By Manjula Kandula
A prospective recruiter once asked me: if there was anything in your career that you would have done differently, what would it be?
I did answer his question in a modest way at that time, but now, years later, I have found a revised version to my answer.
Right from my school days, writing was my first love. This love got reinforced every time my class teacher pinned up my essays on the school bulletin board.
I also loved biochemistry. The gene-protein mumbo jumbo simply fascinated me. So that’s how I ended up getting a PhD in Biochemistry from the Indian Institute of Science (IISc).
Did this seal my fate? Not quite. Life has its own twists and turns, I learned.
As a post-doctoral fellow in the same lab, the long-drawn and arduous lab experiments were taking a toll on my precious time with my young baby girl. I soon decided that it was time to hang up my lab coat permanently and take up science writing in a big way. A combination of both my passions would surely keep my spirits soaring, I reckoned.
After successfully publishing several science articles in popular newspapers and journals, I joined a leading newspaper house as science editor. This proved to be a great opportunity for me to communicate science to the common man. I treated readers to stories on how gene engineering could create square tomatoes and black roses. I dotted my stories with effective graphics and suitable analogies. Noting my enthusiasm to learn, churn and narrate, my editor asked me to add a section on Information Technology to the science page. This offered me great exposure to the IT arena.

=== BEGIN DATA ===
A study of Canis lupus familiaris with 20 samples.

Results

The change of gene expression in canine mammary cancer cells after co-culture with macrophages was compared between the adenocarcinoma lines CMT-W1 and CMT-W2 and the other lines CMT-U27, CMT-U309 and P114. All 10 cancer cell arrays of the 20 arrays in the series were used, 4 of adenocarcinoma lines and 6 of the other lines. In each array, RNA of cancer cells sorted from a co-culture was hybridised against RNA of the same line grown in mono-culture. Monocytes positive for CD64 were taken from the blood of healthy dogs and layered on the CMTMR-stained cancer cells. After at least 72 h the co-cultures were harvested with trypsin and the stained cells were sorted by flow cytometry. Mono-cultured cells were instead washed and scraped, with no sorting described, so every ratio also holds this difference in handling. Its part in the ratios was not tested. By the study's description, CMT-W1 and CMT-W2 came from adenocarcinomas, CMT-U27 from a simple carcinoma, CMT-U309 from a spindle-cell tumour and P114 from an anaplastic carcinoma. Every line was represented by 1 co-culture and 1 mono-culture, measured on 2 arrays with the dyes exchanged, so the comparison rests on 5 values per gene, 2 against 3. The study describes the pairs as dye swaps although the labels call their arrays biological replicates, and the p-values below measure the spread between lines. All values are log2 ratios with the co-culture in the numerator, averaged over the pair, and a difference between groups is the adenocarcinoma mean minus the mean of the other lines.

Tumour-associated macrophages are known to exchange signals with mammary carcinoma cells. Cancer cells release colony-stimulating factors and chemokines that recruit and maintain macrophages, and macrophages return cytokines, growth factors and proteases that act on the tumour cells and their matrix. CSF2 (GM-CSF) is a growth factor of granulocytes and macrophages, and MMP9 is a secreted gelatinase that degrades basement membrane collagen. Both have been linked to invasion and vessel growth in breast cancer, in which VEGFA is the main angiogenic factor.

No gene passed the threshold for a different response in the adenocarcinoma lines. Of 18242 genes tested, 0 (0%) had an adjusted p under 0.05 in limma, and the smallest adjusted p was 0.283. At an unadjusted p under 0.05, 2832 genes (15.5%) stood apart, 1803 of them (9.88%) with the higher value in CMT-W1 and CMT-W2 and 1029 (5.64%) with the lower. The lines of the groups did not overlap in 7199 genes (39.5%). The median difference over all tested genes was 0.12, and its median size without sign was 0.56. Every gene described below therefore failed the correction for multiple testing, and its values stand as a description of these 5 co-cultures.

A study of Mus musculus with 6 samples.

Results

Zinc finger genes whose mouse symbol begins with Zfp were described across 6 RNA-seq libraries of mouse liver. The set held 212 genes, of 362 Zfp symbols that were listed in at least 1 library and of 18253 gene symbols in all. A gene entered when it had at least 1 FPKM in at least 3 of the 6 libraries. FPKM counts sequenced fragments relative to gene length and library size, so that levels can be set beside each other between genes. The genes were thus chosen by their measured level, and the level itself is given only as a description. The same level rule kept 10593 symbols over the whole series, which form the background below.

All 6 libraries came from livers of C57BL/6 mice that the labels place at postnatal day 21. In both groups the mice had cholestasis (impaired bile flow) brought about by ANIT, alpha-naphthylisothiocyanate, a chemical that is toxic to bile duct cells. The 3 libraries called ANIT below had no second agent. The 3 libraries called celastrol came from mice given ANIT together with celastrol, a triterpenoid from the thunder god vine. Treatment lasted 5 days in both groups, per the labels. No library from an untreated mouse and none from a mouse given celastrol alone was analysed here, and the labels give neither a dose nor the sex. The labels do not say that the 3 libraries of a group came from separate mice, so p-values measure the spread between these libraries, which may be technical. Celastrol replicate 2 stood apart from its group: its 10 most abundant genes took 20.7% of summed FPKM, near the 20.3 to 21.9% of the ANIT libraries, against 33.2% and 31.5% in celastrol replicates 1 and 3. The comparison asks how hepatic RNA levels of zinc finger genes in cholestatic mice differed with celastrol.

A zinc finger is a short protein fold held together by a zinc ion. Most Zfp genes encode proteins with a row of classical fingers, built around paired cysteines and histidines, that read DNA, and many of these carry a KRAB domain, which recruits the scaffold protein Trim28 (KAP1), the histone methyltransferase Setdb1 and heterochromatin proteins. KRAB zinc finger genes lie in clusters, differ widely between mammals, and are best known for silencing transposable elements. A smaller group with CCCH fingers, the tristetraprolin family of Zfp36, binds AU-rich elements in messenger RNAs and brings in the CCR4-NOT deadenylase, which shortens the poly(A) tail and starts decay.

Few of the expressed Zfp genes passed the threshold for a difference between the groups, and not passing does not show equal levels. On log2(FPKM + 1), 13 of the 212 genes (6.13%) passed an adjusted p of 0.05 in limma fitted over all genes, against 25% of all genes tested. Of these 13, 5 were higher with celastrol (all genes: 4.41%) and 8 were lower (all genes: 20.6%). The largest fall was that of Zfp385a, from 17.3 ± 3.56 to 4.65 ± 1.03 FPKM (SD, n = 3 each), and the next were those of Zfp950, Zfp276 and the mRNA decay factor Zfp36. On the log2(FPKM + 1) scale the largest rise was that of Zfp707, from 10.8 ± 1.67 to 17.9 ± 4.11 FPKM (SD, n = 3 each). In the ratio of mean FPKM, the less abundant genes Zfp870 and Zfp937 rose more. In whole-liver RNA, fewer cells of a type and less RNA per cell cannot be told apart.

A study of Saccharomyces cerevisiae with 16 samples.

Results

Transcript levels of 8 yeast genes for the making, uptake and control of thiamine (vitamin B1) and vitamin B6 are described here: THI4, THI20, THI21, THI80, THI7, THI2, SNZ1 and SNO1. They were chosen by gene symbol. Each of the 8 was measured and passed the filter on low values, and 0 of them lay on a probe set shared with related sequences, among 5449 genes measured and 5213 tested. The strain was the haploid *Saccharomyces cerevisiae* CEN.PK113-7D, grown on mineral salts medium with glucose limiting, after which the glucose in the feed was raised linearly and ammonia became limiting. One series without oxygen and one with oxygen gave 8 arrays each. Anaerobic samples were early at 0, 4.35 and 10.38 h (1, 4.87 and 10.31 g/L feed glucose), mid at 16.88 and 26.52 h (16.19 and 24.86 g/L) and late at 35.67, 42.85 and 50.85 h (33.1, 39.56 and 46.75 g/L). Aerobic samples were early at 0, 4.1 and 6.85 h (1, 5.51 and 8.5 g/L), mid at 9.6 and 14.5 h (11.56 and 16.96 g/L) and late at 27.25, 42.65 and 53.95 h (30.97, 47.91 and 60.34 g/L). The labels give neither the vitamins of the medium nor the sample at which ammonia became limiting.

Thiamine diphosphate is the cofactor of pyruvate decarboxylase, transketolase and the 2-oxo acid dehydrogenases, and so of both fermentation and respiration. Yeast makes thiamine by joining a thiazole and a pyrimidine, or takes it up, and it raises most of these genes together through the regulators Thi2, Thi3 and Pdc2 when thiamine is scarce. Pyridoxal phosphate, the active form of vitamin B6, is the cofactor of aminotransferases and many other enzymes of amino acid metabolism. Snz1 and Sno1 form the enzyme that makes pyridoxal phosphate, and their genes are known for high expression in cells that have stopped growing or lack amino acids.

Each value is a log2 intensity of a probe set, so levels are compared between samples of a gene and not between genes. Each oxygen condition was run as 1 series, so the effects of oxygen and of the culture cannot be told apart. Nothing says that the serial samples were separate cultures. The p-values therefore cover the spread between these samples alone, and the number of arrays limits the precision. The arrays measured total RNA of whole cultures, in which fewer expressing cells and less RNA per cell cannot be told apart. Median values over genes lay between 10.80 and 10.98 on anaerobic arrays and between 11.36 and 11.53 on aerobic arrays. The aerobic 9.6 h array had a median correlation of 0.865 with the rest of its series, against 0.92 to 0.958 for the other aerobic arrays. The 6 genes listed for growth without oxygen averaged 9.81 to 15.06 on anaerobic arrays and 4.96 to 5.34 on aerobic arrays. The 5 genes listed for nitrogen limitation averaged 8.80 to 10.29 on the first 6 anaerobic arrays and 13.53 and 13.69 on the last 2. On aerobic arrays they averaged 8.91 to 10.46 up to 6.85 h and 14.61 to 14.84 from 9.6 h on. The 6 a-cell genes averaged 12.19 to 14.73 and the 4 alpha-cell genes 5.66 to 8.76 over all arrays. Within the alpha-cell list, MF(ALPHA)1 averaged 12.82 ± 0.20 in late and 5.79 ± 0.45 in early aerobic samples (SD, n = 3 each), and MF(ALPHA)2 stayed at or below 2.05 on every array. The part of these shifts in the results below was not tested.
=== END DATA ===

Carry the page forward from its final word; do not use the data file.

Years later, I was offered for the role of a technical editor at Digital India. I weighed out the pros and cons of making yet another career move, this time out of the Press and into straight into the IT world. The sheer challenge of understanding Information technology and the generous number drawn out on my paycheck decided my calling.
From then on, I’ve stuck to IT as editor, writer and manager. I’ve managed small to medium-sized teams at HP, Sun Microsystems and VMware. Last year, I joined Ariba Inc. as documentation manager and am learning a lot in agile methodology.
For several years, I also taught communication skills to MS and MBA students at the Indian Institute of Science.
So, if there was anything in my life that I would have done differently, what would it be? The short answer is: Nothing.
Life expects you to make the best of good opportunities that come your way. I was doing precisely that, all along!
So my advice to young ‘uns is: Follow your heart. You’ve got s-miles to go before you sleep!